FLORHAM PARK, N.J. — Brandon Marshall(Brandon Marshall Jersey) took a swing at teammate Darrelle Revis during a chippy practice Friday in which the two New York Jets stars jawed at each other throughout an intense head-to-head battle on the field.
It culminated with a confrontation between plays. An incensed Marshall left the offensive sideline and walked about 20 yards to confront Revis, who was stationed at his cornerback position. They exchanged words, and Marshall immediately unleashed an open-handed slap at Revis, which didn’t land.
The skirmish ended quickly. Team staffer Dave Szott, a former NFL offensive lineman, separated the two players. Wide receiver Quincy Enunwa bear-hugged Marshall from behind and literally carried him away from the scene. There was no brawl, and practice proceeded.
The trash-talking got personal. At one point, Marshall yelled Houston Texans wide receiver DeAndre Hopkins’ name to Revis, bringing up perhaps the worst game of Revis’ career. Revis was burned badly by Hopkins in a game last season.
Afterward, Marshall told reporters he swung at Revis because he was provoked. He said Revis took umbrage when he caught a pass on him in a one-on-one drill and taunted him with a first-down signal.
“He took that personal,” Marshall said. “He said, ‘You won’t disrespect me again.’”
A short time later, Revis struck him in the face, according to Marshall.
“I beat him twice times in a row, and, on the third, he swung and hit me in the face,” Marshall said. “Ever since then, it got really competitive. That came back up in that moment. I told him, ‘Don’t ever put your hands in my face again like that.’ He kind of baited me to do it, and I did it. It kind of went too far, but there’s a thin line between football and being a man.”
Marshall admitted they “crossed that football line, but I can’t let nobody slap me in the face.” He also accused Revis of making personal comments that “went off the field.”
From there, Revis dominated Marshall at the start of team drills, holding him without a catch on four targets. Marshall was furious after one pass break-up, cursing at a game official. He felt Revis should’ve been flagged for pass interference. Marshall redeemed himself by beating Revis twice, including a long touchdown reception. Marshall taunted Revis after the play, yelling at him from across the field.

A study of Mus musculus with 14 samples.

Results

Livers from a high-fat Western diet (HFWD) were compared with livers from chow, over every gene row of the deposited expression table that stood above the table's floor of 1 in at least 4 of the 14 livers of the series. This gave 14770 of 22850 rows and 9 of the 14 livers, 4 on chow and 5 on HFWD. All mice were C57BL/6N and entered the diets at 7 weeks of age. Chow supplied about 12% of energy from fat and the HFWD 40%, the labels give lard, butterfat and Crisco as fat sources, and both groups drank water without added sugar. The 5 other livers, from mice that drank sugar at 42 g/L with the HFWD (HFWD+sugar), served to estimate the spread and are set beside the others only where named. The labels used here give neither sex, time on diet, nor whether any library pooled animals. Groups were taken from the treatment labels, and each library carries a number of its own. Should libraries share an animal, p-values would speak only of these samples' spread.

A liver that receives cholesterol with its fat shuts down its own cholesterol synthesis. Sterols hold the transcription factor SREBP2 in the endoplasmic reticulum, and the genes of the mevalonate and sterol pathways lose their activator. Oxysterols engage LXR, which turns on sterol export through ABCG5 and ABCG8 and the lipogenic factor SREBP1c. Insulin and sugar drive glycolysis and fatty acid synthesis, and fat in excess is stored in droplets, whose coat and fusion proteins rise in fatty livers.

“I just felt like the way he handled things in one-on-one is what you do to a rookie,” Marshall said. “I’m going on year 11 and I’ve been super successful in this league, so I took it personal. But I appreciated it because it took my practice to a whole other level. I learned from it.”
Marshall insisted it was an isolated incident, and that he and Revis are close friends, but fiercely competitive. Revis declined to speak with reporters. This was his first full practice since off-season wrist surgery. Coach Todd Bowles said he addressed it with the team, essentially telling the players that trash talking is accepted, but not punching.
“You’re going to get pissed off in camp as a player. It’s not charm school,” Bowles told reporters. “They play football. Both of them got to where they were for making plays and not backing down. Neither player is going to back down. You like that about the competitiveness, you just have to keep it clean. For the most part, they did.”
Bowles said he had no problem with Marshall taunting Revis with the reminder about his performance against Hopkins.
“No, you have to use any means necessary when you’re on the field,” he said. “They’re going to get under your skin on Sunday. There the things [the public doesn't] hear on Sunday are a billion times worse than that. They’ve both been out there long enough, and they both have tools to get under each others’ skin, especially when it gets chippy.”
Marshall has a history of erratic behavior, most of it occurring early in his career when he played for the Denver Broncos and Miami Dolphins. A few days ago, he punted a football over the bleachers after a poor performance by the offense. Afterward, he laughed it off, attributing it to his competitiveness.
Bowles said he’s not worried about Marshall regressing to his old ways.
“I don’t think it was an outburst,” Bowles said of Marshall’s actions toward Revis. “It was just two good players going at it, talking mess. Revis won some, and Brandon won some. It got chippy, but it’s camp. It’s supposed to be. … It’s football. We’re not here because of a beauty pageant. … We want them on the edge.”
Curiously, Marshall lamented his curse at the official more than his behavior toward Revis. He praised Revis for being the best cornerback in the league, insisting there will be no ramifications.
“Yes, I’m pissed off right now and, yes, he’s pissed off right now, but at the end of the day, we’ve got to move forward,” Marshall said. “It may take a couple of hours. It can’t go into the locker room. There’s not going to be no brawl or anything like that.”
The incident occurred a few days shy of the one-year anniversary of the infamous Geno Smith-IK Enemkpali locker-room altercation in which Smith’s jaw was broken by his teammate’s punch.